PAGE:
We know how it is: You'd like to go to the movies this weekend, but you're driving across the country with someone you'll probably have to kill and dispose of the body before you even get to Texas. So try a portable DVD player and headphones, and watch a few flicks from the passenger seat. You may save yourself a felony murder charge. And when someone asks you on Monday, "Hey, did you see Due Date this weekend?" you can say, "Almost..."
WATCH: Midnight Run (1988), one of the funniest movies ever made, and a clear inspiration for Date, in which bounty hunter Robert De Niro and on-the-lam mob accountant Charles Grodin journey from New York to L.A. via every method of travel imaginable. More classic comedic travel is on offer in Planes, Trains and Automobiles (1987), featuring Steve Martin and John Candy as the on-the-road misfits. For more from director Todd Phillips, see his Road Trip (2000), a comedy about hitting the road over sexual jealousy when a high-school romance becomes a long-distance college relationship. For more of Robert Downey Jr. in his funny mode, do not miss the brilliant Kiss Kiss, Bang Bang (2005), in which his wannabe actor teams up with a private eye in order to research a role; it also pairs him up with his Due Date wife, Michelle Monaghan.
WATCH: Superman (1978), the classic caped-crusader movie, which lent more than a few tropes to Megamind, to hilarious effect. Or go with Madagascar (2005), also from director Tom McGrath, which similarly explores modern urban life through an unexpected prism; here, of how zoo animals all get along with one another. For more animated supergenius adventure, don't miss the delightful Meet the Robinsons (2007), about a brilliant family and their strange and wonderful inventions. For more of Will Ferrell in cartoon form, don't miss him as The Man With the Yellow Hat in the lovely Curious George (2006), in which inquisitiveness and intelligence is warmly encouraged.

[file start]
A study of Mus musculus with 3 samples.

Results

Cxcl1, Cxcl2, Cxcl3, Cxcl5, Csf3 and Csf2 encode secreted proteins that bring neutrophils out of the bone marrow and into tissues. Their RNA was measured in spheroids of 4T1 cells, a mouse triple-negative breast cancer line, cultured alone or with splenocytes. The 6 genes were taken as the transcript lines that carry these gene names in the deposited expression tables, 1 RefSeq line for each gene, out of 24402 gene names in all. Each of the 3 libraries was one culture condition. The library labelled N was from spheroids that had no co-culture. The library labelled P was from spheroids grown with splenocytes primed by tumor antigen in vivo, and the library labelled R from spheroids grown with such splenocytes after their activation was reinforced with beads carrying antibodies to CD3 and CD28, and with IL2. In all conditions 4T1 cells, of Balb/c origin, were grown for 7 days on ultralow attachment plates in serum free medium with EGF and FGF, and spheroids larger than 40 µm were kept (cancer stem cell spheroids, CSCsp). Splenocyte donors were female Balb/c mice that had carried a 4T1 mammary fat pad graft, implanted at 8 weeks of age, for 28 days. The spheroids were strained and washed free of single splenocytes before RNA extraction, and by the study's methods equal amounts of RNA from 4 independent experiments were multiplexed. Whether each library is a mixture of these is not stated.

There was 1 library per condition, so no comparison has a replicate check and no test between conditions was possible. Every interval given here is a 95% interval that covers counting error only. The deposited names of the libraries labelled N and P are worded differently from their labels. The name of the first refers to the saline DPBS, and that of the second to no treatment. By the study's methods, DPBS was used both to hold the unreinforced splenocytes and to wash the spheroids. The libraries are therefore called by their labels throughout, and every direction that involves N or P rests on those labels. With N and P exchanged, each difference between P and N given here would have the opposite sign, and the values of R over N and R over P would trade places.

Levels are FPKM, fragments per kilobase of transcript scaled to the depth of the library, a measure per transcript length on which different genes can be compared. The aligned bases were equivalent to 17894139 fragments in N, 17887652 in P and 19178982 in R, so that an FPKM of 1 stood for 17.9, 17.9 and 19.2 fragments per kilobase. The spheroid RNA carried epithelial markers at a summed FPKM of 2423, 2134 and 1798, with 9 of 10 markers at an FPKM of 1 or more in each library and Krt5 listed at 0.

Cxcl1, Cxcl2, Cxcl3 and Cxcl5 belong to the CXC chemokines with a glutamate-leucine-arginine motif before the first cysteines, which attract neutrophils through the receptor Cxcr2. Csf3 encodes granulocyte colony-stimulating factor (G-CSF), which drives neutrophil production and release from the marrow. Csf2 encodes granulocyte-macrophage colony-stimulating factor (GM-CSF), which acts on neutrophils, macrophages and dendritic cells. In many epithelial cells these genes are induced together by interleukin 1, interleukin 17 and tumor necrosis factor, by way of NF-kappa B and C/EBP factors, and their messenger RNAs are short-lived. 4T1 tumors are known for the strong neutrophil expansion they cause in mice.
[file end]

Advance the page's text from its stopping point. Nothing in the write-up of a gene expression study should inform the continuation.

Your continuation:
INSTEAD OF: For Colored Girls, Tyler Perry's first foray into serious drama -- instead of asinine comedy -- about the lives of contemporary black Americans...
WATCH: Diary of a Mad Black Woman (2005) -- written by Perry and starring Girls' Kimberly Elise -- which opens with the kind of domestic-abuse melodrama that his new film deals with head-on, but bizarrely instantly veers away into slapstick comedy. For more from another of Girls cast, see -- or, rather, here -- Anika Noni Rose as Disney's first black princess in The Princess and the Frog (2009), in which she speaks and sings as a plucky New Orleans restaurateur. For a classic tale of the violence black women have always been particularly subject to in America, don't miss The Color Purple (1985), starring Girls' Whoopi Goldberg, and exploring matters of racism, poverty, and sexism a century ago. For another story of abusive men and the women who stick with them, see A Streetcar Named Desire (1951), for powerful performances by Marlon Brando and Kim Hunter as the dysfunctional couple.